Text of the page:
Betterpath's team has collectively spent more than a century working toward the goal of unlocking the value of health data.
This blog provides a high-level window into why we believe a bottom-up approach is the key to healthcare system transformation.
Matt Sinderbrand, MPH • April 19, 2018 • 2 minute read
I was not a well-behaved child. By age 6 I already knew everything while my parents and teachers obviously didn't, so I operated under a "you can't tell me nothing" policy that infuriated any adult who dared to cross my path. By age 12 that petulant tone had run its course, and I realized that I in fact knew almost nothing about anything. This cycle from all is known to all is unknown seems to repeat itself as I gain more experience and process more data through my learning computer (my brain).
Mark Tuttle, FACMI • February 20, 2018 • 2 minute read
We live in a world where things thought to be impossible, or at least extremely difficult, just a decade ago are now routine. Computers can translate one language into another, understand the spoken word, recognize our faces in a picture, and almost drive our car autonomously. And yet computers can’t do much with our health data that improves care.
Dr. William Yasnoff, MD, PhD, FACMI • February 12, 2018 • 2 minute read
Providing good patient care requires complete records. If your provider doesn’t have all your medical history, current medical problems, and a complete list of your medications and test results, how can reasonable judgements be made about what should be done? But this is not how health care works today. Every provider has their own records, and they are not automatically shared. Imagine how dangerous it would be if airplane mechanics only had each airplane’s maintenance records for work done in the current location, rather than all the records? But that’s what we do in the health care sector. Today, no one – not you or any provider – has a complete set of your medical records. That exposes you at least to the possible inconvenience and expense of duplicate testing, and at worst to life-threatening medical errors.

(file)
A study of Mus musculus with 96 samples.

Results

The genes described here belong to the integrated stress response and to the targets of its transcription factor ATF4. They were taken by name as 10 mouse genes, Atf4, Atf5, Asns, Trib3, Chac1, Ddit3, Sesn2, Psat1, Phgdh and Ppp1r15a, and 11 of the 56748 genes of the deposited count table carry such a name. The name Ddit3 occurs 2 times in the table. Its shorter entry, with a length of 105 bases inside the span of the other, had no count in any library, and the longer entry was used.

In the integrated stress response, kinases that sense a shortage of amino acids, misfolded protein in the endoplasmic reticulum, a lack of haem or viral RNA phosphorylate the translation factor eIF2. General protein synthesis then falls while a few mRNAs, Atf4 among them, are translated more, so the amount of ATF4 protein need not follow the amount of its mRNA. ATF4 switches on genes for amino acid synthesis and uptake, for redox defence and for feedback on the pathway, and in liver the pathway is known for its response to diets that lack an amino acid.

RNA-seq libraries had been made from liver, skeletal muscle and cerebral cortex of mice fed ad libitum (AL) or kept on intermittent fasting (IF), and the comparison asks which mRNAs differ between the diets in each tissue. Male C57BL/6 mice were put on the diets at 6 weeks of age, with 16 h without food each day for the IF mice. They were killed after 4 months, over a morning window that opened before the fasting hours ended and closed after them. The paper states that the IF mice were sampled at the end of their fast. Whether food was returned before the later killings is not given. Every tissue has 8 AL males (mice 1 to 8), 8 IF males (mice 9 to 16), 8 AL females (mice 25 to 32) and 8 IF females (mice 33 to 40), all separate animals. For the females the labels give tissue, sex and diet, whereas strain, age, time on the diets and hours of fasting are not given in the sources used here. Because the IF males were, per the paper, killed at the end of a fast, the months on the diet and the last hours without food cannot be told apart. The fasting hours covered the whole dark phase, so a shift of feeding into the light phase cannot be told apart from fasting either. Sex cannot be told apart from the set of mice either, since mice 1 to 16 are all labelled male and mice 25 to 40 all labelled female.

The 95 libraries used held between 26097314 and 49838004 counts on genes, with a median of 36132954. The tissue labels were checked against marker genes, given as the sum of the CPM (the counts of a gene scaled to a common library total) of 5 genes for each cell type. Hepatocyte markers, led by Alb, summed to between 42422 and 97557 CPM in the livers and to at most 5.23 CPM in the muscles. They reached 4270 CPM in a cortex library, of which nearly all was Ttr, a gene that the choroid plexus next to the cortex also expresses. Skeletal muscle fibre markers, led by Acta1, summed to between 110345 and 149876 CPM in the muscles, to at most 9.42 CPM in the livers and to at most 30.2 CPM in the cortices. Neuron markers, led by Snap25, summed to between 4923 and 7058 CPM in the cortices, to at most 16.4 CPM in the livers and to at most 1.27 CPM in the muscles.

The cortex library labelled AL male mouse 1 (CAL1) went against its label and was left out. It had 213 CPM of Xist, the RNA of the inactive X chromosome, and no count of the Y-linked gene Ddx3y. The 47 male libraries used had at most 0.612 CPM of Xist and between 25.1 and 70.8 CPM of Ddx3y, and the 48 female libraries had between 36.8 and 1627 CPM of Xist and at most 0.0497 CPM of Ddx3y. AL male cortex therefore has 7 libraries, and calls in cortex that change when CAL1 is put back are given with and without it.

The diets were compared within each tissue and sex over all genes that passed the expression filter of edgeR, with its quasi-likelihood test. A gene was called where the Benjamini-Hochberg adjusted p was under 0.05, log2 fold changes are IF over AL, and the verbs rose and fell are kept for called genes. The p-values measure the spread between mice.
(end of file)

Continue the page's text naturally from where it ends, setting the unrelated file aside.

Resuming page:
Brad Tritle, CIPP • January 12, 2018 • 2 minute read
In 2006, I had the honor to work on a statewide effort to both promote the digitization of health data, and to look at appropriate ways to aggregate and share as complete a record as possible at the point of care. This was intense and involved in-depth study of business models, technical models, privacy and consent, security, legislation, technical standards – while engaging with providers, payers, employers and government agencies. It was both stimulating and exhausting! That was what I call “provider-centric” health information exchange.
Matt Sinderbrand, MPH • December 4, 2017 • 2 minute read
How many times have you purchased something with a piece of plastic? Do you ever wonder how that actually works? What exactly am I giving over with each swipe of my credit card? Isn’t it just data?